If rules can manage perfectly well without, why bother to have names for rules?

The answer is that although Inform contains an elaborate mechanism for placing rules into the correct rulebook at the correct position, and this happens automatically, Inform will sometimes get it wrong. It will use a rule we do not want, or place them in an order which does not suit us. To put this right, we can give explicit instructions which take precedence over Inform's normal practice. This is done with the "to list" verb, as in the following examples.

1. The simplest usage is to place a named rule, which currently has no home, in any rulebook of our choice. (This looks redundant, but just occasionally we want the same rule to appear in two different rulebooks.)

The blossom rule is listed in the every turn rules.

A rule can appear in more than one rulebook, but within any single rulebook it can only appear once.

2. We can also specify that the rule needs to appear before, or after, some other named rule in the same rulebook:

The collapsing bridge rule is listed before the moving doorways rule in the instead rules.

Instead of being placed in specificity order in the whole "instead" rulebook, the "collapsing bridge" rule would now be placed in specificity order only in the first half of the "instead" rulebook - the rules from the start up to (but not including) the "moving doorways" rule. To reiterate: that doesn't necessarily mean it will be immediately before the "moving doorways" rule; it will be placed according to Inform's usual sorting rules within that range.

"Listed" sentences are obeyed by Inform in sequence, so if later ones issue instructions contradicting earlier ones, it's the later ones which win out. Thus if we say "A is listed before B in X" and then "B is listed before A in X", the result is that B comes before A.

3. We can specify that a rule needs to appear first or last in a given rulebook:

The collapsing bridge rule is listed first in the instead rules.

Again, if we make several such instructions about the same rulebook then the most recent one wins: "A is listed first in X. B is listed first in X. C is listed first in X." causes rulebook X to begin C, B, A.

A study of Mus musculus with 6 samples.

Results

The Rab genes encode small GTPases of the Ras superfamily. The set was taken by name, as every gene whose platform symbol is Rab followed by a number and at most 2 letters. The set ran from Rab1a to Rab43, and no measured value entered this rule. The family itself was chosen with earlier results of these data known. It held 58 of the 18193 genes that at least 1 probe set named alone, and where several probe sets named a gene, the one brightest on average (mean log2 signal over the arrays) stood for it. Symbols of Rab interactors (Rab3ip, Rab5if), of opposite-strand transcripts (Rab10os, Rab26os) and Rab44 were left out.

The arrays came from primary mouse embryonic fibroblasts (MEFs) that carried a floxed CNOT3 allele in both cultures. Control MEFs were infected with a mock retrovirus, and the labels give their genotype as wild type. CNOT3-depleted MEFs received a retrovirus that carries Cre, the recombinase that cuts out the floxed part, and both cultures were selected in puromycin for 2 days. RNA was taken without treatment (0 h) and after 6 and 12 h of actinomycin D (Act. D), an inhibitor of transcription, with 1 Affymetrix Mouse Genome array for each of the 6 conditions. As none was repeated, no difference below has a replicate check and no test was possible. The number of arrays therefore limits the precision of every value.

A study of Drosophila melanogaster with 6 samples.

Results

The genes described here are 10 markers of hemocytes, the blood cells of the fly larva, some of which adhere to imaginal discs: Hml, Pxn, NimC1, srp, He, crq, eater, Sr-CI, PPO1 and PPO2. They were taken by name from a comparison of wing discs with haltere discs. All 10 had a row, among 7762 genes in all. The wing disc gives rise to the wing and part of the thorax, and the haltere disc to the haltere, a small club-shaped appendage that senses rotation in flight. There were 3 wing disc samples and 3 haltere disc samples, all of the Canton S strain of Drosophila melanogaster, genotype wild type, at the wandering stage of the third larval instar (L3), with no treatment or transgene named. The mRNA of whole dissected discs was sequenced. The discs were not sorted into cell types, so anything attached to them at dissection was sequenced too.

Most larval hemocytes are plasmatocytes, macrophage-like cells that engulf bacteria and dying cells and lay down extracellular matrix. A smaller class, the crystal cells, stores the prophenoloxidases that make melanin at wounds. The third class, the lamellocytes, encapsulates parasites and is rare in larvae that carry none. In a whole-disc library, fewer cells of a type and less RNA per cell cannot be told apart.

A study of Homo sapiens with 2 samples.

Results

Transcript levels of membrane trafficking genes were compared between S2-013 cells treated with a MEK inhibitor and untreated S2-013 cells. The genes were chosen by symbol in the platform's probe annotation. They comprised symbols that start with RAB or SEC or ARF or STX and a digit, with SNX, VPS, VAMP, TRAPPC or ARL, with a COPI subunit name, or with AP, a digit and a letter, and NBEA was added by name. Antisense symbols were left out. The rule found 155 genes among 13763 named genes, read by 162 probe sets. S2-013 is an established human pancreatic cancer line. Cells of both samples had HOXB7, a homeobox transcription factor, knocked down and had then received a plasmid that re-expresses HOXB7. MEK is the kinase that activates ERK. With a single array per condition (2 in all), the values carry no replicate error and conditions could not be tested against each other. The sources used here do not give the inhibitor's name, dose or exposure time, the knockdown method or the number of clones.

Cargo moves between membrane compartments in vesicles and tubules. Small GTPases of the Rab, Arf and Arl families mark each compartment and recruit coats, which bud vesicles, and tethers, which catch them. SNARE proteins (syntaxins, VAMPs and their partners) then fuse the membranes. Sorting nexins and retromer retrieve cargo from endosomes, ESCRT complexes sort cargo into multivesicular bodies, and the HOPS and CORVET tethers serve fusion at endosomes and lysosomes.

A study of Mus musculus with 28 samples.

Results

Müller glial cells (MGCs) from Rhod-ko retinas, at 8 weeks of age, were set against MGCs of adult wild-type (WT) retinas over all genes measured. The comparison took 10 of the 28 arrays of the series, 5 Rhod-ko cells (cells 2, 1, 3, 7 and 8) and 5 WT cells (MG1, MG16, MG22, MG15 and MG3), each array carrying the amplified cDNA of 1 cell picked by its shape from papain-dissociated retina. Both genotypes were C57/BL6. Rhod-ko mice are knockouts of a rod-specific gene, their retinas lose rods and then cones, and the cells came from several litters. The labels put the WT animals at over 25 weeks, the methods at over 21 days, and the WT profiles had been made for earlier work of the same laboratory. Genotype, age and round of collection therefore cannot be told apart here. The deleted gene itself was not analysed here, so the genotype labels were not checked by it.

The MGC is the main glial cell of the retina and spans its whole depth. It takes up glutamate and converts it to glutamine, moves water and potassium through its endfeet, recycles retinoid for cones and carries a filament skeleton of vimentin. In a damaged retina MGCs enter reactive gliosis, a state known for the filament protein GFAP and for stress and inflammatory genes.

4. We can also substitute one rule for another:

My darkness rule is listed instead of the can't act in the dark rule in the visibility rules.

If rule A is listed instead of rule B in rulebook X, and A was already a rule in rulebook X, then A will move from its previous position to occupy the place where B was, and B will disappear. (In particular rule A will not be duplicated, which would break the principle that no rule occurs twice in the same rulebook.)

5. And we can strike down existing rules, either specifically or in all their applications:

The can't act in the dark rule is not listed in the visibility rules.
The can't remove from people rule is not listed in any rulebook.

This does not actually destroy the rules in question: they could still, for instance, be put into another rulebook, or even be applied explicitly, as we shall see. But unless we take deliberate action to the contrary, un-listing a rule amounts to abolishing it forever. This is a little drastic, and more subtle effects can be seen in the next section.

arrow-up.png Start of Chapter 19: Rulebooks
arrow-left.png Back to §19.3. New rules
arrow-right.png Onward to §19.5. Changing the behaviour of rules

*ExampleSaint Eligius
Adding a first look rule that comments on locations when we visit them for the first time, inserting text after objects are listed but before any "every turn" rules might occur.

Adjust time advancement so the game clock moves fifteen minutes each turn.

*ExampleVerbosity 2
Making rooms give full descriptions each time we enter, even if we have visited before, and disallowing player use of BRIEF and SUPERBRIEF.

A system of postures allowing the player and other characters to sit, stand, or lie down explicitly or implicitly on a variety of enterable supporters or containers, or in location.

**ExampleSwigmore U.
Adding a new kind of supporter called a perch, where everything dropped lands on the floor.